You know, those labels: Suitable for 2-6 adventurers of 3-5 level. Sure, there's always some wiggle room, always hyphens because party power is hard to determine if you don't know which classes are present and how well the players rolled their hit points. But it still feels a little tidy to me. It gives me the impression as a player that I will encounter nothing I can't handle. It constrains the Mythic Underworld.
My challenge to you all, give me an adventure locale suitable for all levels.
Some thoughts on this.
- Hirelings can serve as a powerful DM tool here. They can be a buffer that reduces party size as a factor. They can also help bulk up the power of a lower level party through sheer numbers.
- Part of the problem here is thinking of all encounters as combat encounters. Who says the dragon even cares about your first level schmucks? Maybe the Sphynx likes talking to visitors and will only eat you if you annoy her, whatever your level.
- There would definitely need to be decision signposts for players, so they didn't stumble into packs of beasts that do only want to eat them.
- Geography is probably the key. Think of the Caves of Chaos but also how other topological features of a place might partition different monster communities- elevation, water sources.
- Verisimilitude could work to our advantage here too. Maybe the lower level creatures work for the higher level creatures. Maybe the powerful planar creatures are observing the ecology of the place, and that's why they don't blast it all to kingdom come.
- Puzzles are difficult for players, not characters, and thus should be level neutral.
- Environmental hazards- rock slides, lava, geysers, mud pits- could make places equally deadly regardless of level.
The obvious (and my favorite) locale for all-level adventure is the city. Not exactly Mythic Underworld, it's true, but it's just as viable a place for adventure. The bigger the better: sprawling, decadent, where danger lurks in filth-strewn alleys and danger of an entirely different sort occurs in the richly appointed salons of the elite. (Political plots are almost always level-independent!).ReplyDelete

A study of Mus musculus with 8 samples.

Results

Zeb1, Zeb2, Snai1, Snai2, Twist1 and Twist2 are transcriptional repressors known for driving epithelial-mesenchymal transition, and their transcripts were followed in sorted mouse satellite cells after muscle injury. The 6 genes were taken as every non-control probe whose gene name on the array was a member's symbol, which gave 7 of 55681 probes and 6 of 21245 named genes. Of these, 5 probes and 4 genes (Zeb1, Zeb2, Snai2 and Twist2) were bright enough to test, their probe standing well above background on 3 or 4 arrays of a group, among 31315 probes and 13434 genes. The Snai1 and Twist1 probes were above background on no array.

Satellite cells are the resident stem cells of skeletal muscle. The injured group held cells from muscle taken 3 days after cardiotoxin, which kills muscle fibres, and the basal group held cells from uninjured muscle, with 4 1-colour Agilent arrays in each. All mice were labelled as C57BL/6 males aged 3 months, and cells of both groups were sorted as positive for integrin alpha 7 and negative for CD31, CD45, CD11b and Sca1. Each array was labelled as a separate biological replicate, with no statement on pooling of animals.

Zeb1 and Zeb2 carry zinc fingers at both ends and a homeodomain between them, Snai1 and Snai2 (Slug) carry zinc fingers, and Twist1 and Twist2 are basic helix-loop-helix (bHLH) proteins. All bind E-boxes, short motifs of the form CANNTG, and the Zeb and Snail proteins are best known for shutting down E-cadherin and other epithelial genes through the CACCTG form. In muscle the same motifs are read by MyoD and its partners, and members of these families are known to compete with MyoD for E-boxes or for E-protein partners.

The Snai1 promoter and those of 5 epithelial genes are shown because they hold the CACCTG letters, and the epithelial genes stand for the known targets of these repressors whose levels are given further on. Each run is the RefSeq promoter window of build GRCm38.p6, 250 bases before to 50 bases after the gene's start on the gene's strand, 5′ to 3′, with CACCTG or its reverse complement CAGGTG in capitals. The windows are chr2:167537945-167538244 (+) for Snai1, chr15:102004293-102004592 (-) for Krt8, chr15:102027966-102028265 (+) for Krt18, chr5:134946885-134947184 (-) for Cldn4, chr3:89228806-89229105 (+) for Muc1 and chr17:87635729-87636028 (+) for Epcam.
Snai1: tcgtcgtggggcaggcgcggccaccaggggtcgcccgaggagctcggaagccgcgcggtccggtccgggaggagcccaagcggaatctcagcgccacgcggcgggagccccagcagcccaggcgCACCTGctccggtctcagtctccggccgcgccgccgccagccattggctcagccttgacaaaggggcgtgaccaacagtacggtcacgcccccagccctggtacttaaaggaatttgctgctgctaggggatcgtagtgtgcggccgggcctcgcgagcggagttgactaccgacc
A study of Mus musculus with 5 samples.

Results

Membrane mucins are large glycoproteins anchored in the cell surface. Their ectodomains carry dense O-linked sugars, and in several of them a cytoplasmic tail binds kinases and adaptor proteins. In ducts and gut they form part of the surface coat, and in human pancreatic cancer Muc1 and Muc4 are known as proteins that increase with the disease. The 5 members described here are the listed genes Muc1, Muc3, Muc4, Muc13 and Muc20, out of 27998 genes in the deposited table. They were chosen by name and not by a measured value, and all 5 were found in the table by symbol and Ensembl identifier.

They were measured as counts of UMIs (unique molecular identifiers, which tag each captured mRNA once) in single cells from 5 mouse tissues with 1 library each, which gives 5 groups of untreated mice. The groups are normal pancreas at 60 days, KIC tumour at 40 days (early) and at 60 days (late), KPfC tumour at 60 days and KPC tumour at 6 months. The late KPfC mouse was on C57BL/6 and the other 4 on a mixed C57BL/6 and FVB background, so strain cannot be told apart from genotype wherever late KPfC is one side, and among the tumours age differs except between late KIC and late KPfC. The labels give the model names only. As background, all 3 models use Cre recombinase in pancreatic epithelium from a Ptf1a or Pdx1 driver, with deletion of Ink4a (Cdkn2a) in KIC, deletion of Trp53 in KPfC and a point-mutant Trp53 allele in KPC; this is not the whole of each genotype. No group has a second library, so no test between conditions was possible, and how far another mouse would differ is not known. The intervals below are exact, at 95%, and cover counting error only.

Shakespeare's Venice,Lieber's Lankhmar, Sanctuary, Green Ronin's Freeport: run them well and your players will beg for the relative safety and certainty of the dungeon.
Actually, I was never all that interested in running published adventure, and that's part of the reason; in addition to tidying up things (which was bad), it tended to focus me on what the players should be doing, and when, and in what order. Plus, it often seemed to me that I'd end up running adventures I wasn't all that pumped by just becuase it was all there was available for that level.So it was like: " Okay, I have a starting adventure, its blah, but its okay for new characters, but they need to gain 4 levels before I can run the cool adventure, unless I want to start them at level five , and wheres the fun in that ?ReplyDelete
I always had a mix of challenges in any preprepared area, simply because the players were so damned....well, "self directed" ;)
BF monstyers could be avoided or chad other agendas, or were constrained by design if they were too much for the party .
Once a mainly unarmed 1st level player talked his way out of a fight with an ogre by pointing out that while he would certainly die, he, for his part, could equally certainly manage to tear the ogres nose off or put out its eye, or stab him in the groin, particularly since he knew he was going to die if they fought....worked like a charm.
First, it's great comments like these that make blogging such a draw for me.ReplyDelete
@drnuncheon: Yeah, you're right there is real potential with the city for old school games. I've experimented a bit with an abstracted, orientalist, swords and sorcery city (Nidus) but I have a lot to learn. I think the key difficulty is making it interesting-- you know, more than just humans bickering politically. I think in a lot of ways Lankhmar is a model for me. I'll never forget the way the gods moved up and down the street as they gained or lost popularity.
@Doc, it sounds like we're on the same page. I think that example of the player and the ogre is wonderful. It requires some player skill, but for kids or people not good acting extemporaneously I'm hoping they could at least learn to tell the DM "I'll try to convince the Ogre that fighting me will be bad for him too." and a dice roll later the DM describes something amusing.
Hmm, which makes me think it might be interesting to post about when the DM should/could take on the creative burden at the rpg table.